THE International Air Transport Association has unexpectedly halved its estimate of the amount of money global airlines will lose this year.
IATA began this year with a pessimistic prediction that the industry would lose $US4.3 billion ($6 billion) before turning a $US6.2 billion profit next year. But in an amended forecast delivered this week to the Wings Club in New York, IATA director-general Giovanni Bisignani revised this to a $US2.2 billion loss this year and bigger profit of $US7.2 billion in 2007.
Mr Bisignani attributed the revision to better economic prospects in Europe and Asia combined with an improving situation in the US.
He noted there was ''a new cautious optimism'' with 70 per cent of airline chief financial officers responding to a new confidence survey expecting improvements in profitability over the next year.
This was based on efficiency gains averaging 4 per cent a year and market growth of about 6 per cent. But, he warned: ''While the trend is positive, we are nowhere near sustainability.
''A profit of $US7.2 billion is only a 3 per cent return on capital invested.
''Improved cost efficiency should be at the top of the agenda for everyone. Governments must get out of the way of a hyper-competitive airline industry on commercial issues and take a closer look at the efficiency of airport monopolies.''
The revised forecast bets crude oil rices will drop, with Brent crude averaging $US57 a barrel this year and $US52 next year. But, he warned, oil remained the single biggest challenge to airline profitability. He said the industry's fuel bill went up from $US44 billion in 2003 to $US92 billion last year.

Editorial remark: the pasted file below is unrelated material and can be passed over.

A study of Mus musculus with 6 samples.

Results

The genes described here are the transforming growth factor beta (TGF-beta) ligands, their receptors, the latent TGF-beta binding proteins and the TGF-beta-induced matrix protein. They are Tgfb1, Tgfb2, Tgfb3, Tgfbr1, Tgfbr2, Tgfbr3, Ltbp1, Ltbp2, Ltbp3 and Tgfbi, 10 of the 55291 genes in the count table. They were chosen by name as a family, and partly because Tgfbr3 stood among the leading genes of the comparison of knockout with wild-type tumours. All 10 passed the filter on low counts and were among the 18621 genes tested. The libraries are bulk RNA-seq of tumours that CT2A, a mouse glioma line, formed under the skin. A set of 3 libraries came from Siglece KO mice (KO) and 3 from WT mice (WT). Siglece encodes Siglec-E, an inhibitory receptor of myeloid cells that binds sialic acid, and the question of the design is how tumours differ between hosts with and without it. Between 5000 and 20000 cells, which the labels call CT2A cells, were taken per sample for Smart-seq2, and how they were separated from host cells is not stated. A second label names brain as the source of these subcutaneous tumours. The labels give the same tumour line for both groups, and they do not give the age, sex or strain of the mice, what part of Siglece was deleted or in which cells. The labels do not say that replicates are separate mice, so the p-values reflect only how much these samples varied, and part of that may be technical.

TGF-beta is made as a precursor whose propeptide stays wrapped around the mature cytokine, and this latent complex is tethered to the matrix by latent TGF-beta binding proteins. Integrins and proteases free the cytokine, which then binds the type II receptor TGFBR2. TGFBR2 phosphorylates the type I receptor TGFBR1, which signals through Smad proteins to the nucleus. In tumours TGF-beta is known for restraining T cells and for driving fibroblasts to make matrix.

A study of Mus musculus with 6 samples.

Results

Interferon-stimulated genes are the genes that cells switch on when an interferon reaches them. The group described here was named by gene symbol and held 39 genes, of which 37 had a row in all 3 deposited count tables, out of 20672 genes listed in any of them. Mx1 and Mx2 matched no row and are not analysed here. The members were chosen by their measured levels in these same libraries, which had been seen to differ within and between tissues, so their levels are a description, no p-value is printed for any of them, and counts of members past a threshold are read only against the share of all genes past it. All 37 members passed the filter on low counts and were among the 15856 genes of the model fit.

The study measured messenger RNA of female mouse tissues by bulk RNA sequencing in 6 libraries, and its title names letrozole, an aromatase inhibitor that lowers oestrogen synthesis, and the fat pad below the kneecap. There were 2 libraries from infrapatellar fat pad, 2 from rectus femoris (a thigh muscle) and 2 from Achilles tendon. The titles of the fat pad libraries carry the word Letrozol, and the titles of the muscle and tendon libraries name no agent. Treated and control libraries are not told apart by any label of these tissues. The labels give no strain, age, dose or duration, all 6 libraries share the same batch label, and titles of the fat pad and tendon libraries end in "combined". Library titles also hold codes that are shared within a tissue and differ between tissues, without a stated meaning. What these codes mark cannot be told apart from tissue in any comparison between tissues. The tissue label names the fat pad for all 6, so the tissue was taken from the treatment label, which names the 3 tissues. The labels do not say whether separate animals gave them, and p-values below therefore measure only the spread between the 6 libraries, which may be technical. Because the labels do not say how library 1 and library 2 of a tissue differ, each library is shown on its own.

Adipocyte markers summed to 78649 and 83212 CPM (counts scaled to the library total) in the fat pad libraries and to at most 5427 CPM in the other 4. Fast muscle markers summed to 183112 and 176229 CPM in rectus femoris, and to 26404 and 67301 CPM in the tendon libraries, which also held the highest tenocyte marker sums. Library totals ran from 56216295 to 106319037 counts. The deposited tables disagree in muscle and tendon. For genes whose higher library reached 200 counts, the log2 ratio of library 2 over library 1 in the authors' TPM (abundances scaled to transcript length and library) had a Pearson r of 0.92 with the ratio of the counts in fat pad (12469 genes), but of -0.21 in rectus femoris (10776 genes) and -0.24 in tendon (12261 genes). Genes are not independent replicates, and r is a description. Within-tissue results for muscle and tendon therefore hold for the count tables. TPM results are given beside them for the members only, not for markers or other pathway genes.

''Instead of expanding refinery capacity, the oil companies plan to return a quarter of a trillion dollars to investors over the next two years,'' he said. ''Airlines alone have contributed a $US14 billion to this windfall profit.
''It is time that governments stepped in to encourage investment in new refinery capacity along with research into alternative fuel sources.''
Asia-Pacific carriers are still expected to post the biggest absolute profits in the industry this year at $US2 billion, down from $US2.9 billion last year.
US carriers are expected to lose $US5.4 billion -- about half the 2005 loss -- while the Europeans make about $US1.4 billion.
He also had some harsh words for governments on taxation and security. He said airlines were paying $US5.6 billion a year for additional security but passengers were still being hassled. And rising taxes had made air travel more expensive.
News stories provided by third parties are not edited by "Site Publication" staff. For suggestions and comments, please click the Contact link at the bottom of this page.
The industry fuel bill rose from $44 billion in 2003 to $63 billion in 2004. At $57 per barrel, the industry fuel bill for 2005 will top $97 billion.
0.7 percent margin on expected revenues of $598 billion
U.S. carriers have suffered worse than Europeans due to slowed air travel after the Sept. 11, 2001, attacks in the United States and the rise of budget carriers.
Intra-Asian and Asian outbound air freight traffic accounts for 47 percent of total international air cargo volumes.